If you think someone you know has experienced domestic abuse there are lots of ways in which you can help them. 
Taking time to understand what constitutes domestic abuse, or talking through what happened will help to make a decision on what your next steps could be. If you feel you can talk to them about what you have seen, they may be able to describe what has been happening and how it has made them feel. 

Think - are they safe right now?

If you or they are in immediate danger or seriously injured call 999 (or 112 from a mobile).
If you or they are on campus, you can call Security Services on 24/7 365 days a year on 01904 32 4444 or use the Safezone App.
If an incident has just happened, try and find somewhere you and they feel safe. 

Talk

  • Talk to them - If you feel able, talking things over can sometimes be a big help.
  • Listen - Stay calm, be empathetic and show your concern. Try to listen without judging or directing.
  • Give options - When they have finished talking ask them if they are okay to talk through some possible options and next steps. Allow the individual to stay in control of the conversation and of their decisions.
  • Domestic abuse is a crime of power and control - The most important thing is to respond in a way that maximises their choice and control over what happens next. You can simply ask them what they need or want. They might not make the same decision you would; however, only they can decide what is best for them.  You can help them explore options, but avoid telling them what they should do.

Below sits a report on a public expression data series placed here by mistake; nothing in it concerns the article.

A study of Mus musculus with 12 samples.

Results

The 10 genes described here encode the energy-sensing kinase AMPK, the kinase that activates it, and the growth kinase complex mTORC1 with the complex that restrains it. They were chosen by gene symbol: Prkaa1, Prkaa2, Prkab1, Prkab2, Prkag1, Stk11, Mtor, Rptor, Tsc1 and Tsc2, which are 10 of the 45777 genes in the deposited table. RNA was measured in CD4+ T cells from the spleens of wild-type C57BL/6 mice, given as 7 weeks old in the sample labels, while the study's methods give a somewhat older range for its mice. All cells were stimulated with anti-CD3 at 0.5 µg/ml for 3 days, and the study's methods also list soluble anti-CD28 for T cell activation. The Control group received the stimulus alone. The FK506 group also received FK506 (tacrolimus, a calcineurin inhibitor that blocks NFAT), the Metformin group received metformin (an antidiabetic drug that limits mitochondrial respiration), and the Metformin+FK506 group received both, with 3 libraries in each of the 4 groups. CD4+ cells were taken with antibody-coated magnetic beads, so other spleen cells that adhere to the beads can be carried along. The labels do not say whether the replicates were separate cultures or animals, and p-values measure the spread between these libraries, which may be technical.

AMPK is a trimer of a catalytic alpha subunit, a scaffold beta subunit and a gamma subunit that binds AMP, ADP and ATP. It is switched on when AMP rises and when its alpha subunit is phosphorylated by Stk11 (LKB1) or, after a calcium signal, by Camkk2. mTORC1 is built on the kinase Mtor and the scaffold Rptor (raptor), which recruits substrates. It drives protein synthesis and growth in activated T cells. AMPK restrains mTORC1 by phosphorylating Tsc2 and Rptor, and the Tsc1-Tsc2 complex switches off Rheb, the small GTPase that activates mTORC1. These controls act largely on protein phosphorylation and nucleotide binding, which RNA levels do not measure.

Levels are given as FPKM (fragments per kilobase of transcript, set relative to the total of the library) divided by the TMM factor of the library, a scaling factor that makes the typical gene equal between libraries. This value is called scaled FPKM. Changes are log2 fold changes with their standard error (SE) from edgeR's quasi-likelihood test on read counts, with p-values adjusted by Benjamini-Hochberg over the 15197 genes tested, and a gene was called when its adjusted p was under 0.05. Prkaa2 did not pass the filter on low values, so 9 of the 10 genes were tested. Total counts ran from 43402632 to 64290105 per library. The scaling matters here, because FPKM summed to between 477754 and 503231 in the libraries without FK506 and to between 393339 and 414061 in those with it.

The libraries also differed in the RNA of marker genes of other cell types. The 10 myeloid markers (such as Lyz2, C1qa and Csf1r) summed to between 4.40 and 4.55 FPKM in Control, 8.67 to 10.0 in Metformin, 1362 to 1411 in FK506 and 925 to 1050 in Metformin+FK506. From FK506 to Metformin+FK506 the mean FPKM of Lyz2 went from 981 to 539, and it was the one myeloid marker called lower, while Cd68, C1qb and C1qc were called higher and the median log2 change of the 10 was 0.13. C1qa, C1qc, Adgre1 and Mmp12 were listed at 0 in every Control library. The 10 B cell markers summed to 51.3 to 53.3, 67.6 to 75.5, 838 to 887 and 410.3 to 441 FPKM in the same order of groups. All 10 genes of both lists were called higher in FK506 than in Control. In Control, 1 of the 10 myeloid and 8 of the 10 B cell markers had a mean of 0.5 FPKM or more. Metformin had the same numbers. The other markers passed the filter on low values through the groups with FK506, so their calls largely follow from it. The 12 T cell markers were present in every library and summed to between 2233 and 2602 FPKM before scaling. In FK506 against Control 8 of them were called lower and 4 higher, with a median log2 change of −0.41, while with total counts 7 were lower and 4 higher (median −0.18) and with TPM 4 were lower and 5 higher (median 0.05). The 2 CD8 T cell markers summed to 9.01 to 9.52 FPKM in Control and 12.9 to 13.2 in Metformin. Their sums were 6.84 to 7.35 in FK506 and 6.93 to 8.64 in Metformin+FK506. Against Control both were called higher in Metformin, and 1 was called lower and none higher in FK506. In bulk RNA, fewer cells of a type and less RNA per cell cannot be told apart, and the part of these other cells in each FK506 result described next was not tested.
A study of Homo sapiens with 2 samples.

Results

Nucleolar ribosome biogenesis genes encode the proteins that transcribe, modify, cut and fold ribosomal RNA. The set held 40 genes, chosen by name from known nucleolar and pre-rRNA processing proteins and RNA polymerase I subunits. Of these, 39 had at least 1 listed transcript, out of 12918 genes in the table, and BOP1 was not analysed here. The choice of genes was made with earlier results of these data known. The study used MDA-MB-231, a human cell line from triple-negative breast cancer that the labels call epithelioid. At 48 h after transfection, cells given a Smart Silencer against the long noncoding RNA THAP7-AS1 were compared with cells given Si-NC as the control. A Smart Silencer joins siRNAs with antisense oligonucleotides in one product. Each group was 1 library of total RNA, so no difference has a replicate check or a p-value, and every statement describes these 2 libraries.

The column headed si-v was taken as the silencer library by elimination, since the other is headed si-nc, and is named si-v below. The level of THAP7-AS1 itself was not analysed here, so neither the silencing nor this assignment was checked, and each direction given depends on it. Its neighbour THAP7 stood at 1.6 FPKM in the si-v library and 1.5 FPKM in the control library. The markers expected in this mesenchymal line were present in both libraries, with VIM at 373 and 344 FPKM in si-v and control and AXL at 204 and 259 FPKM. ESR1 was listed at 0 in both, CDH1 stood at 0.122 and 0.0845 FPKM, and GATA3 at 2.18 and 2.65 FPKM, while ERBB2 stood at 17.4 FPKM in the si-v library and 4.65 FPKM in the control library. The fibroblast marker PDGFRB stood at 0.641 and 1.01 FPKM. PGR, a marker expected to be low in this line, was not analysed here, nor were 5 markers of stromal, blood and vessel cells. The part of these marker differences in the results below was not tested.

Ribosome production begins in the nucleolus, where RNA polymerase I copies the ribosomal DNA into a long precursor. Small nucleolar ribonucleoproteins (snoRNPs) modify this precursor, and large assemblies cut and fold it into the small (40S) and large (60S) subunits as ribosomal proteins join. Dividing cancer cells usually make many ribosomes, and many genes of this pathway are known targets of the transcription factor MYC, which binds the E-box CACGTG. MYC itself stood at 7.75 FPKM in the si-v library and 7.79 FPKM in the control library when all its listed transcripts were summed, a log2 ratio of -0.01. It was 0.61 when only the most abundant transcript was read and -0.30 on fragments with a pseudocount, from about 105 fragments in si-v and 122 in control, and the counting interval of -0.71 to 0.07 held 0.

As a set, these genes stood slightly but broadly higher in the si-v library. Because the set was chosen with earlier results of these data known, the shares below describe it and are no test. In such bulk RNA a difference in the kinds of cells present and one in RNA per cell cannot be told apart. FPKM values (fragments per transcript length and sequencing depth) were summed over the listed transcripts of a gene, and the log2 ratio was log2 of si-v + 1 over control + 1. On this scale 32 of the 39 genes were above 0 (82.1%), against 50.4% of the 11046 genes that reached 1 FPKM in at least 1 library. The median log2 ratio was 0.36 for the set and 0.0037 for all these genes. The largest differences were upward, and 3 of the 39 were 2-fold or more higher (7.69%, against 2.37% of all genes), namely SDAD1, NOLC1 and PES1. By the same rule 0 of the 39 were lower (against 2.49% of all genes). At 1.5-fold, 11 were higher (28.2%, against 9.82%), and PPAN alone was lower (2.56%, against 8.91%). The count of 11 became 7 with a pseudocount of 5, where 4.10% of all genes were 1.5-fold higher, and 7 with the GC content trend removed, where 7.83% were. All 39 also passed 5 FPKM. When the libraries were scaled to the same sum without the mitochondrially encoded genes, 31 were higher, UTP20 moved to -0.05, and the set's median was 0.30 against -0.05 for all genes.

• Make sure you look after yourself and if you need support ask for it.

Support

IDAS (Independent Domestic Abuse Services) - IDAS is the largest specialist charity in Yorkshire supporting people affected by domestic abuse and sexual violence. They can do outreach support and help you access a refuge if needed.
Find out more about support options both within and outside of the University for dealing with domestic abuse. 

Report

  • Reporting to the University - You can chose to report with your contact details or anonymously using the buttons below.
  • Reporting to the police - If they're thinking of reporting to the police, Victim Support has produced information on how this process may work, and what to expect. 
  • Reporting to Crime Stoppers anonymously - You can call crime stoppers at any point on 0800 555 111 or use the Crimestoppers online form.
  • Choosing not to report - It is up to them if they wish to report this to anyone. There are many reasons they may chose not to report. Whatever their reason for not reporting this should be respected. They can still access support both from the University and outside of the University. The support is free and will not pressure them to report the domestic abuse.